The rights of free speech have taken on an important “buffer zone” consideration, with the US Supreme Court ruling that a Massachusetts zone that restricted free speech within 35 feet of abortion clinics was too big.
The ruling does not directly affect other buffers established outside abortion clinics by states and cities across the country. Still, abortion opponents greeted it as an important victory and suggested it would force a rethinking of those other laws.
Supporters of abortion rights went further, warning that the ruling puts every other fixed-distance buffer at risk of future lawsuits.
“If you were a betting man, you would bet that they’ll all go,” said Roger Evans, senior counsel at the Planned Parenthood Federation of America.
All nine justices concluded that the Massachusetts law was unconstitutional, but the justices were split on why, with Chief Justice John Roberts appearing to be the swing vote. He joined the court’s liberal block, Justices Ruth Bader Ginsburg, Stephen Breyer, Sonia Sotomayor and Elena Kagan, in saying that the law’s limits on speech were too broad.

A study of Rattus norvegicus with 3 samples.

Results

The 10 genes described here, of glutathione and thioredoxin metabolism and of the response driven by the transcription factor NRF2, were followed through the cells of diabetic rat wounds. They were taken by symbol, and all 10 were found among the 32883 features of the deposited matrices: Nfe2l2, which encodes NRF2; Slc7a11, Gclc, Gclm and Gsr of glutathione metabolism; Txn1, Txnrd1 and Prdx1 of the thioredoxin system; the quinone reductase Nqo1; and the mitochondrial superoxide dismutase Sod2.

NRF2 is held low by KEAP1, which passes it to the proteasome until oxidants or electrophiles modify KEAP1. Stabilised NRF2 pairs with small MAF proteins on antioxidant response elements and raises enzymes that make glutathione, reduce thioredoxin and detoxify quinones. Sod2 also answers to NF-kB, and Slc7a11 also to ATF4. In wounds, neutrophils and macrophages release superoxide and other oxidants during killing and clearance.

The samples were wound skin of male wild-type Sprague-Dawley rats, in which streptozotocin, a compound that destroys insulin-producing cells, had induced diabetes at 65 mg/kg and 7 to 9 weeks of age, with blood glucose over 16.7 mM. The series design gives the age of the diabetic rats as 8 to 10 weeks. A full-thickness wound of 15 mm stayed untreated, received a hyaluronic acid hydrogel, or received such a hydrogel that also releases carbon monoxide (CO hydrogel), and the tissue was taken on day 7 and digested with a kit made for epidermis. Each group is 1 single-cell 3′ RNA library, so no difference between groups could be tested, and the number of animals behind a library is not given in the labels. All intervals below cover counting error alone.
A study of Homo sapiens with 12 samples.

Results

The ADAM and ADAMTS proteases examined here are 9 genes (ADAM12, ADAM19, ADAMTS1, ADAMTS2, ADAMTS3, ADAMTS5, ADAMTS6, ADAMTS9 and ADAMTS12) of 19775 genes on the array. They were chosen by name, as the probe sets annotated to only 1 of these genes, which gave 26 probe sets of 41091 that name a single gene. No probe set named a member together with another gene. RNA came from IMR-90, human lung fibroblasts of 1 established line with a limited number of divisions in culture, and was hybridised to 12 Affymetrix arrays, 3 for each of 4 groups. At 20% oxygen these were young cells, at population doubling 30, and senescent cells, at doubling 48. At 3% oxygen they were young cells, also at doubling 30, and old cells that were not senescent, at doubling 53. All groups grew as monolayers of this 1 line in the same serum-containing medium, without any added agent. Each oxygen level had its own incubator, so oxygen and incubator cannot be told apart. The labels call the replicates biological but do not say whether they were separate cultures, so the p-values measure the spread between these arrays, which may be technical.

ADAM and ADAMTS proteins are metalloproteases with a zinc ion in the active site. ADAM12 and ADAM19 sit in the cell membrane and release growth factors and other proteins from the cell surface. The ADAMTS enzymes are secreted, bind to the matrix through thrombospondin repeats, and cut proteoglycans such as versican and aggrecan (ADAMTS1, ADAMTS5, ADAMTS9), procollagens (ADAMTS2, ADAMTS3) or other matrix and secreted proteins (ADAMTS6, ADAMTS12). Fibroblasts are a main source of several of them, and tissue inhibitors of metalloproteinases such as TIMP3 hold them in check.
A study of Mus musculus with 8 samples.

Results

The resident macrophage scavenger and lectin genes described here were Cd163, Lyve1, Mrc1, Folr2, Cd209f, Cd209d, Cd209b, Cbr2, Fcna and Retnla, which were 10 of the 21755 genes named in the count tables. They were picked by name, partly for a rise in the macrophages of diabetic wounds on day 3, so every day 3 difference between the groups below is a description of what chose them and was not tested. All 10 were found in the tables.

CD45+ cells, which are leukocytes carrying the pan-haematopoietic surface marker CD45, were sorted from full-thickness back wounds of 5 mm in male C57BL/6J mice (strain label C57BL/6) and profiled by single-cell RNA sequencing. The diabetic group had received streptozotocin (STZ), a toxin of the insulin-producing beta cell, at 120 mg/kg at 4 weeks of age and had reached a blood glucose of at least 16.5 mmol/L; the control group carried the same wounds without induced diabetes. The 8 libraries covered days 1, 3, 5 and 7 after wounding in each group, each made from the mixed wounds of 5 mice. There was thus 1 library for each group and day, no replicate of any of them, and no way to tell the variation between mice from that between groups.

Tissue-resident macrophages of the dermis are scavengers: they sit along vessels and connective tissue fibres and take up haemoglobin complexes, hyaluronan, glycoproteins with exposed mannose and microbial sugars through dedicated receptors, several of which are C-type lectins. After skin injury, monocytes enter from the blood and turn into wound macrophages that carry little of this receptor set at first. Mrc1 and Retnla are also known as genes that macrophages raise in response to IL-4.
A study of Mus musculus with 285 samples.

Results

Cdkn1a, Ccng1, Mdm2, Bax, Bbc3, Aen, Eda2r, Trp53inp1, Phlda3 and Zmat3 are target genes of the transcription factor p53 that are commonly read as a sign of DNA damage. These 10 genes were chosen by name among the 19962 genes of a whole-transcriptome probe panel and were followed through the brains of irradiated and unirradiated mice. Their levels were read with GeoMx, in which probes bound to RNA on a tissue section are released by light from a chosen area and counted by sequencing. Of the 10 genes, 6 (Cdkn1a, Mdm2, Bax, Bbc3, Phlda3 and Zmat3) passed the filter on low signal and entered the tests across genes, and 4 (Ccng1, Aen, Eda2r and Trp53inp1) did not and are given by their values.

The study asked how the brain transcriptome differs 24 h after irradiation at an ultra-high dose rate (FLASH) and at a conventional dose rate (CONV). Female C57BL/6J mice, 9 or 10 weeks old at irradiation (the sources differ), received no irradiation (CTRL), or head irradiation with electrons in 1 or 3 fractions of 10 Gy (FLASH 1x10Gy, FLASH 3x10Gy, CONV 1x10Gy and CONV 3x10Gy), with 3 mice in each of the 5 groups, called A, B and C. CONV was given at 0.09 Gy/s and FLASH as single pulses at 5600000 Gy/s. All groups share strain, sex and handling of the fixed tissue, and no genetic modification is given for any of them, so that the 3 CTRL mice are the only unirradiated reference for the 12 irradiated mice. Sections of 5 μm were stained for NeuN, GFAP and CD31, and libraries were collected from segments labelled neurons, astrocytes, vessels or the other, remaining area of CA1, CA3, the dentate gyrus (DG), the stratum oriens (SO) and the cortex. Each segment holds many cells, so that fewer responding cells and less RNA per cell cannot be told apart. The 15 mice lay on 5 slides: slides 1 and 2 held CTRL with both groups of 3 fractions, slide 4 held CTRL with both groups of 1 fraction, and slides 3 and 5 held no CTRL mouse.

“Here the Commonwealth has pursued [public safety] interests by the extreme step of closing a substantial portion of a traditional public forum to all speakers,” Roberts wrote for the court. The extent of those zones “burden substantially more speech than necessary to achieve the commonwealth’s asserted interests.”
The other justices, the court’s four conservatives, said the law was unfairly aimed at anti-abortion speech because it restricted protesters but not clinic employees.
Buffer zones elsewhere in the country tend to be smaller, specifying distances such as 8 feet or 15 feet. The justices did not establish what distance would be acceptable but made a veiled suggestion that a smaller space would be legal in Massachusetts.